HIV clinical trials London

A clinical trial is examining whether it is possible to limit damage to the immune system by treating people soon after they are infected with HIV with a short course of antiretroviral drugs.

A clinical trial is examining whether it is possible to limit damage to the immune system by treating people soon after they are infected with HIV with a short course of antiretroviral drugs.

For most people in high-income countries, HIV is considered a chronic illness that can be managed with medication. But the virus still causes extensive damage to the immune system, and treatment with antiretrovirals is a lifelong commitment. Once the course of treatment is started, usually within three to five years of infection, it needs to be strictly followed and taken for life.

The clinical trial study, known as SPARTAC (Short Pulse Anti Retroviral Therapy at HIV Seroconversion), is following 371 individuals, recruited in eight countries across four continents. The trial, which began recruiting at the end of 2004, is due to be completed this month, and the results will be announced in 2011. If positive, the findings could have a major impact on how HIV is managed worldwide.

In the first few months after infection, the immune system recognises the infection and produces antibodies in an attempt to eliminate the virus. Unless tested, most people will be unaware that they have been infected at this stage. However, the immune system never successfully clears HIV. Instead, the virus hides away, slowly weakening the body's defences and destroying CD4 cells, which play a key part in the infected person's immune response.

When the number of remaining CD4 cells falls below a certain level - 350 cells per cubic millimetre - an individual needs to begin treatment with antiretroviral drugs. These drugs prevent the virus from doing further damage to the immune system. Without antiretrovirals, the immune system becomes so compromised that the individual is at high risk of developing life-threatening infections.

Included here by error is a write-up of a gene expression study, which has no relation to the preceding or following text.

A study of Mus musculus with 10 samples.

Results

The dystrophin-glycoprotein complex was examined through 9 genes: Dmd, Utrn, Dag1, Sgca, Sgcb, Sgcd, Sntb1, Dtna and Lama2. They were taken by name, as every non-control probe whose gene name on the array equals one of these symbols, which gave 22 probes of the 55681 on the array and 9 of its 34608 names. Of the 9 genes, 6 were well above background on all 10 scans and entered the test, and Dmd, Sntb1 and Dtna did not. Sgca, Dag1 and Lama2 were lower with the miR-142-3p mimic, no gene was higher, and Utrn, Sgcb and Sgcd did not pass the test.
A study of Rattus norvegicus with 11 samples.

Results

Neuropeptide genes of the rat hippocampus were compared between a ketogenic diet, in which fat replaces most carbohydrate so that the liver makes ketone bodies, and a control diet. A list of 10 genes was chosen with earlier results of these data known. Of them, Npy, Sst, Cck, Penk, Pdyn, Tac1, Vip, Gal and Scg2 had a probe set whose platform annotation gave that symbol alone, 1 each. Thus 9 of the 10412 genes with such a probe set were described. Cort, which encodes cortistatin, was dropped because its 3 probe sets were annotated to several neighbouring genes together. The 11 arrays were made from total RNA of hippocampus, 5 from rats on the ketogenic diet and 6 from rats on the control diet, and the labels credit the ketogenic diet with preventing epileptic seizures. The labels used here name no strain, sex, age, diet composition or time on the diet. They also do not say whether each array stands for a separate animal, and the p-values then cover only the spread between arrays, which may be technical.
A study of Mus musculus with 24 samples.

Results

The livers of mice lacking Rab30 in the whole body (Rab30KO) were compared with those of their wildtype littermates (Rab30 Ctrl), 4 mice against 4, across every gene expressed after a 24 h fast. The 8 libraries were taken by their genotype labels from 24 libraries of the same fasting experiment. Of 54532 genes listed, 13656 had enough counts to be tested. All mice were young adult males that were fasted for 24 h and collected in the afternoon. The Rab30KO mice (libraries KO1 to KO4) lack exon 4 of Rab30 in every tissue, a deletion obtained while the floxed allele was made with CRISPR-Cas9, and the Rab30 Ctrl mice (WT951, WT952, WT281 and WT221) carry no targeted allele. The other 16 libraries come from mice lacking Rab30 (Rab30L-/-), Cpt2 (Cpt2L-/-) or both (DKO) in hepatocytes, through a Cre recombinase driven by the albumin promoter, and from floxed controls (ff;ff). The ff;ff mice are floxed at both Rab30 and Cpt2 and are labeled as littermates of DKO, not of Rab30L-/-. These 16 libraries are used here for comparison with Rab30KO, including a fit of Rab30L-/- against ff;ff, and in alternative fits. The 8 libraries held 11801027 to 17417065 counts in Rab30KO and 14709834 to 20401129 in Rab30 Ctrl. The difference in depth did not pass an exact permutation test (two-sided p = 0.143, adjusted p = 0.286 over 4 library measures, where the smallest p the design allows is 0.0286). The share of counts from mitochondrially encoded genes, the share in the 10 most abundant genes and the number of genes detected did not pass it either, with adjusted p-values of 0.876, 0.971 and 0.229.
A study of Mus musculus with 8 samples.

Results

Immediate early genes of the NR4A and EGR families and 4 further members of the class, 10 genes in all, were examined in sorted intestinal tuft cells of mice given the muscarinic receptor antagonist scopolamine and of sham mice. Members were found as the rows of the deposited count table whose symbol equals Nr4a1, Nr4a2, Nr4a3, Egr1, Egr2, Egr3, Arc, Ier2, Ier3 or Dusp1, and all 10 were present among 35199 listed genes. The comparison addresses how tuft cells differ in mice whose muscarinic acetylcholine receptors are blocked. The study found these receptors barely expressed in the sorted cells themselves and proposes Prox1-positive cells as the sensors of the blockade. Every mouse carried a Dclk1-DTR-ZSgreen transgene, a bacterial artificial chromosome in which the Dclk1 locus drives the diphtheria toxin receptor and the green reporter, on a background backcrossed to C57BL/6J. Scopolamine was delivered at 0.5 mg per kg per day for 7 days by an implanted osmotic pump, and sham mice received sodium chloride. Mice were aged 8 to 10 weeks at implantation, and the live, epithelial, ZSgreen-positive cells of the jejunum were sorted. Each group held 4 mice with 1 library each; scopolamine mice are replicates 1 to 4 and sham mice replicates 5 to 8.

Several small studies have suggested that treatment during the first few months of infection could potentially alter the rate of immune damage and so delay the need to commence lifelong treatment. This hypothesis has not yet been tested in a large enough study to definitively determine whether it is correct.

Researchers at Imperial College London, together with colleagues from the Medical Research Council Clinical Trials Unit and the University of Oxford, have been conducting the SPARTAC trial to test this hypothesis. The trial has been conducted in collaboration with investigators across the UK, the Republic of Ireland, Uganda, South Africa, Australia, Brazil, Italy and Spain.

"Antiretroviral drugs are effective at treating HIV, but can have unpleasant side-effects, and once started must be taken for life, " explains Dr Sarah Fidler, who is leading the Imperial College London research trial. "From the patient's perspective, the longer we can postpone lifelong treatment, the better. Plus, it could also mean a more cost-effective treatment over a person's lifetime so it would be a win-win situation."

LAP LAMBERT Academic Publishing The Patients Voice in HIV/AIDS Clinical Trial Participation: What motivates the willingness of HIV infected people to take part in HIV/AIDS clinical trials?
The conference will focus on issues such as design and analysis of clinical trials, methods in biostatistics and development of clinical prediction models.

Popular Q&A


About 72 cases per 100,000 which is about three times the national average.